Contract chip manufacturing giant Taiwan Semiconductor Manufacturing Company (NYSE: TSM) has been a big beneficiary of the smartphone boom. Smartphones require a wide range of increasingly powerful yet power-efficient chips. This has led not only to an increase in overall chip shipments for TSMC, but also a rise in the value of each chip, amplifying the chip manufacturer's revenue growth for years.
Although TSMC is still publicly bullish about the opportunities that lie ahead for it in the smartphone market as smartphones become smarter and incorporate new features that further boost per-device silicon content, the reality is that the big growth days for the smartphone market are probably over.
Apple's not the only one suffering, either. According to research from market research company IDC, industrywide smartphone shipments dropped by 2.9% year over year in the first quarter of 2018.
For TSMC, a company that's on track to generate nearly $36 billion in sales this year, a slow upward march in smartphone chip dollar content probably isn't going to be enough to allow the company to consistently deliver the 5% to 10% annual revenue growth to which it has publicly committed.
To that end, the company seems to be doubling down on its efforts to expand beyond the smartphone chip market and into the market for high-performance computing, or HPC, products to deliver that growth.
Let's dive into the details.
What does TSMC define as HPC?
TSMC doesn't have a strict definition of HPC, but in the past it has mentioned a wide range of products including graphics processors, network infrastructure processors, game console chips, chips designed specifically for cryptocurrency mining, field-programmable gate arrays, and server processors.
In effect, if it's a blazing-fast chip that consumes quite a bit of power, it's likely an HPC product.
It's not hard to see why TSMC is excited about these markets. The market for server and network processors continues to grow (and TSMC's customers, collectively, have a minimal share, so TSMC's growth can accelerate as its customers take a bigger share), the market for graphics processors is red-hot, and field-programmable gate arrays are seeing increasing adoption in artificial intelligence and other data center tasks.
It really looks like there's a sustainable multibillion-dollar long-term opportunity for TSMC to capitalize on here. In fact, TSMC is so confident that it can win in the market for HPC chips that it expects about half of its 5% to 10% revenue growth target to come from growth in HPC chip sales.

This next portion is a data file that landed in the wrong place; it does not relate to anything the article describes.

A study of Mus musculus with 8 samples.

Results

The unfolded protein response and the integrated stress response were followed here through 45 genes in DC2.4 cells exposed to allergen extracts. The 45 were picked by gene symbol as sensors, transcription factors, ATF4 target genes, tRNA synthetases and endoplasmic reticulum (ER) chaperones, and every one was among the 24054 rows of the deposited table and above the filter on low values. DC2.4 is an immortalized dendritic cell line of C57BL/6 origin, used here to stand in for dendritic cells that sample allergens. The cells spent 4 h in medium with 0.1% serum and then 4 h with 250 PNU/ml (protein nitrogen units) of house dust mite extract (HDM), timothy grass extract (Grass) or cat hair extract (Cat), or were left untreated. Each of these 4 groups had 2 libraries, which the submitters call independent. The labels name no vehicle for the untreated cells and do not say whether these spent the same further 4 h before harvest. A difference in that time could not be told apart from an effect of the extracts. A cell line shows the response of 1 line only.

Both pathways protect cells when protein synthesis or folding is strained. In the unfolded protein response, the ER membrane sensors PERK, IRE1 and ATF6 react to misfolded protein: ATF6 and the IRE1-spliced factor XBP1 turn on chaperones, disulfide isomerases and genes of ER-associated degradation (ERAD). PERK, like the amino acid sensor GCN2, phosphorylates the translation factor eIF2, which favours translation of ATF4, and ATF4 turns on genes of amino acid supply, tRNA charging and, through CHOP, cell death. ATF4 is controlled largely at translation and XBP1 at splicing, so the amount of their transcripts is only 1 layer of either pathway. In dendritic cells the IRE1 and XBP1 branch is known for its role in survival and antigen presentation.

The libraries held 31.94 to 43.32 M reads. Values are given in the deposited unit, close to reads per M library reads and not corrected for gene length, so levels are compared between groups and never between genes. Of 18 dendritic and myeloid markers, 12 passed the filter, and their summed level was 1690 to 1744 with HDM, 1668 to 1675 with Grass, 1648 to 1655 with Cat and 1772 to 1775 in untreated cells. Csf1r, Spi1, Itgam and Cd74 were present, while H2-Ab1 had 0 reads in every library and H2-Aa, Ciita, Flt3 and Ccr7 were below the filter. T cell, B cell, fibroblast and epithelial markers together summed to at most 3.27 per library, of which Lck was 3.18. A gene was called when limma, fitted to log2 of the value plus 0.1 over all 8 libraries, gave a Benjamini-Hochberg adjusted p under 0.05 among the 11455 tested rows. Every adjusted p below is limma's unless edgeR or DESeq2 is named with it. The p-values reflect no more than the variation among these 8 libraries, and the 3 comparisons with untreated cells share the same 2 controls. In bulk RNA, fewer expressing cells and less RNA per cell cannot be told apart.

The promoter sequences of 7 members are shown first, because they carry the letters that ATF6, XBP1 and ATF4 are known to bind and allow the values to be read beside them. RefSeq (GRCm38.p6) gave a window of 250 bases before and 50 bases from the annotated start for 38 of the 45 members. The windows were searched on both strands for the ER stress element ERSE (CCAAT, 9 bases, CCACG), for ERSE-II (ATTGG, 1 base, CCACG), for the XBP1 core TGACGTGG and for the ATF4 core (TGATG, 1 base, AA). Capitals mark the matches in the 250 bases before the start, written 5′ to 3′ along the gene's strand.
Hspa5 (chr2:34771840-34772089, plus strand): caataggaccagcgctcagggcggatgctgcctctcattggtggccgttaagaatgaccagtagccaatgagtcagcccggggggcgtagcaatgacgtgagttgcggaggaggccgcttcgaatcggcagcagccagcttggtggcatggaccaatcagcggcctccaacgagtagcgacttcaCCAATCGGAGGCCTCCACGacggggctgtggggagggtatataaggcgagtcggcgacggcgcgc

As a contract chip manufacturer, TSMC doesn't have to worry about the particulars of the chip designs for these markets, nor does it have to worry about a go-to-market strategy for these products. It simply needs to position itself as the best manufacturing technology provider so that it can attract the best chip design companies to use its offerings.
TSMC is already a leading developer of technologies for mobile/low power applications, but to service its high-performance computing ambitions, it's increasingly developing derivatives of its technologies for such applications.
For example, TSMC says that it's planning to roll out a version of its 7nm chip manufacturing technology that will explicitly be targeted at high-performance applications. Such an offering, as well as follow-on offerings for its future technologies, should allow TSMC's customers to build more capable, aggressive designs to better compete in the marketplace.
In fact, the high-performance computing variant of its upcoming 7nm technology is so popular that TSMC management has gone on record to say that about half of the roughly 50 chip designs that it'll build using that technology will, in fact, be HPC designs.
Beyond manufacturing technology, TSMC is also investing heavily in advanced chip packaging technology aimed specifically at HPC applications. TSMC said on its most recent earnings call that it's seeing increased adoption of this advanced packaging technology from customers building graphics processors as well as network processors.
TSMC's strategy to diversify its business beyond its core mobile chip manufacturing efforts is a good one, and I believe that TSMC's strong technology development track record, coupled with the strong success it has historically had in both acquiring new customers and retaining them, should allow the company to profit handsomely from the secular growth trends in key high-performance computing areas.
However, it's worth keeping in mind that TSMC's success here depends heavily on its customers building the right products and marketing them properly. Even if TSMC can build the world's best manufacturing and packaging technologies for high-performance chips, there's still a risk that its customers -- through no fault of TSMC -- won't find the degree of success that TSMC seems to be banking on to power its future growth.